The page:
Conversations about the family operation will never be a simple process. While these conversations will always be challenging, successful resolution is possible. A few communication strategies go a long way toward ensuring individuals are heard and consensus is reached.
We always encourage our customers to do some prep work before sitting down with the family. This includes laying out talking points, doing some research and even potentially bringing in a third party to help mediate. However, while having an agenda will certainly help you reach your goals for the conversation, what can you do to keep the discussion on track? The tips below can help keep the conversation from devolving into an argument.
- Be intentional. While some conversations are emotional, it’s vital to be intentionally patient, thoughtful and kind. Be aware of your body language and make sure you appear open and receptive. Above all, take time to listen to what others are saying without appearing defensive. Don’t shy away from apologizing if needed; these discussions aren’t about who is right, they are about what is right for the farm.
- Know when to take a break. Things can easily get heated and people can begin to lose their tempers. If this happens, take a 10- to 15-minute break to give everyone a chance to cool down. It may be necessary to pause the conversation and schedule a different time to pick it back up.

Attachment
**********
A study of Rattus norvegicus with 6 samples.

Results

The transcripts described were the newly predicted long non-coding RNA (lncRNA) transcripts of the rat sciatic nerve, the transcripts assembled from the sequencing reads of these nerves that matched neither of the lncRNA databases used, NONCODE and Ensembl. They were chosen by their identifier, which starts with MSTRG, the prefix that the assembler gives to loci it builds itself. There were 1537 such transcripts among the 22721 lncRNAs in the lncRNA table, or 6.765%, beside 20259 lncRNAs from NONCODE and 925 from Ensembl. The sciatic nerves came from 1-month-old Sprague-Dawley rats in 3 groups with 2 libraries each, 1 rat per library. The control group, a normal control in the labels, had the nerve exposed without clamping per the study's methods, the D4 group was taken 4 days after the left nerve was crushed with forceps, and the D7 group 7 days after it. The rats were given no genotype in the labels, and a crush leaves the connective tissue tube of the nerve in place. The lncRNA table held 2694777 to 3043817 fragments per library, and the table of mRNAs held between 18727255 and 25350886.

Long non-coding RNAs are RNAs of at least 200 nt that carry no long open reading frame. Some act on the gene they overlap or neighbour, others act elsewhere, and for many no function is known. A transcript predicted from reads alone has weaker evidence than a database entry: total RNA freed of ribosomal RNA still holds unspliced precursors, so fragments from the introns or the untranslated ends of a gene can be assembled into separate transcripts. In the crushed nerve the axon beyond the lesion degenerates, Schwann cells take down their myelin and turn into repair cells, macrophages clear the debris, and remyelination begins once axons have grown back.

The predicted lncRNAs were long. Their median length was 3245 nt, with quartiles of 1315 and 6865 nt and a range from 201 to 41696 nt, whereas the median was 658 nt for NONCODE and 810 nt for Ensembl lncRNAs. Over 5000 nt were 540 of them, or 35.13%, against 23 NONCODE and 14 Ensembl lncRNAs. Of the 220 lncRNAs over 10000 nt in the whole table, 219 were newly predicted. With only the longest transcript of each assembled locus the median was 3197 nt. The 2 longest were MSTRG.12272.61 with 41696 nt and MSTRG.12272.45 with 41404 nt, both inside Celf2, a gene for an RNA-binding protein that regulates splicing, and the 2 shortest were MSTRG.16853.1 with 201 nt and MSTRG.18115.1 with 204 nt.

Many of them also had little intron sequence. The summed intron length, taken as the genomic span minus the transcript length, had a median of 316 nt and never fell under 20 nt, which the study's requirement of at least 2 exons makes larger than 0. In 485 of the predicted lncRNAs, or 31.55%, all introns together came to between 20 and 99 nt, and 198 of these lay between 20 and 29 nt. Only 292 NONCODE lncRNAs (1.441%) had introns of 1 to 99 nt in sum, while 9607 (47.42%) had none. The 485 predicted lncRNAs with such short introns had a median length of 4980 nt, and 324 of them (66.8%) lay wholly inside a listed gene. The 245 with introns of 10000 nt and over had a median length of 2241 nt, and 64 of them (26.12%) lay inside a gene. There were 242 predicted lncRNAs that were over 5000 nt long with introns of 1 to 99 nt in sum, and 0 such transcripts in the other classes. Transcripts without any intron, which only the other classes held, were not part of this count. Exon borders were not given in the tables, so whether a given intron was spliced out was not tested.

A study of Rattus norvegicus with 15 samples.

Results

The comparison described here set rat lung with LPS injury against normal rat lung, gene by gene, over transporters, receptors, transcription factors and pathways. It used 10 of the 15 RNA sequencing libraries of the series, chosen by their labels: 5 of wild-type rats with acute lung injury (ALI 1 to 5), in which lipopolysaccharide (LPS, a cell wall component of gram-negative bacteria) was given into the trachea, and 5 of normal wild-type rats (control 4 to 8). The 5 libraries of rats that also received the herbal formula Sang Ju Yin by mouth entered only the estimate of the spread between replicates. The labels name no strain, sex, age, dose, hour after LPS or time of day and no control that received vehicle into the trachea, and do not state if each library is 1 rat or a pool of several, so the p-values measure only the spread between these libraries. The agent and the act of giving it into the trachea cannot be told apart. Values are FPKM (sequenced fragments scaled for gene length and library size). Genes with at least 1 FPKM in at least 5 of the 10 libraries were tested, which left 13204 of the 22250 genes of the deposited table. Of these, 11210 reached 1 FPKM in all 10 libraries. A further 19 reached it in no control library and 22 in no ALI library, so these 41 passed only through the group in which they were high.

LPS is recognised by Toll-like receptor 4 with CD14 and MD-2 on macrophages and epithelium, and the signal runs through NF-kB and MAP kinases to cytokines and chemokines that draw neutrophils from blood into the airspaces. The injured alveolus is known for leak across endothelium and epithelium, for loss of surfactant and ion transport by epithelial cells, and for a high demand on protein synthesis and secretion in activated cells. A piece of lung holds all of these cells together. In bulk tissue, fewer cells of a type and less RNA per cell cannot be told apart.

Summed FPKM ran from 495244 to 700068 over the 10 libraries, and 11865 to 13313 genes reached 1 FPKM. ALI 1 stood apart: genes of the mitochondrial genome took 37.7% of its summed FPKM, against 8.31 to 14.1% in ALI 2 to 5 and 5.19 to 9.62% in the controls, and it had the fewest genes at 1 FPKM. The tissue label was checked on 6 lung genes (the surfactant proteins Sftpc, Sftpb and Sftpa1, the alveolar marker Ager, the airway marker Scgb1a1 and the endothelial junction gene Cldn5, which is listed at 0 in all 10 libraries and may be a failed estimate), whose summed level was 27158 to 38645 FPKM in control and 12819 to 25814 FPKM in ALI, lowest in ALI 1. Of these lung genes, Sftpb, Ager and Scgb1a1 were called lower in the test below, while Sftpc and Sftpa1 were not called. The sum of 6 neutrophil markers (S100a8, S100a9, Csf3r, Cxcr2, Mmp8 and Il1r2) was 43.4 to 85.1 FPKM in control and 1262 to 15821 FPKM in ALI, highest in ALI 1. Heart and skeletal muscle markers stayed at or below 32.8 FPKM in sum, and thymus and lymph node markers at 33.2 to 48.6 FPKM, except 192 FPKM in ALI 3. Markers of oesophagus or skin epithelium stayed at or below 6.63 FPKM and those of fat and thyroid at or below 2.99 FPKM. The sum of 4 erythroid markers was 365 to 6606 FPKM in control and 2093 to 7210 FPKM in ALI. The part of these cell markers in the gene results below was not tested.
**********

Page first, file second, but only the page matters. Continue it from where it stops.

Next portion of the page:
- Focus on what matters. In the end, two things are most important: Your relationship with your family and long-term success of the operation. The person who controls the assets is ultimately the one who must make decisions. Don’t sacrifice the joy of rewarding family relationships or the overall success of the operation for short-term gains.
You may want to consider scheduling regular family meetings. When these kinds of conversations become a regular part of the operation, it relieves tension and helps people open up over time. Annual family meetings can include discussions on financial performance, short-term and long-term goals, and planned production improvements.
Whether it’s a discussion on purchasing land or estate planning, farming is a family business that requires many difficult conversations. Keeping every discussion focused, intentional and knowing when to call it quits will help maintain positive relationships and positive results for the operation.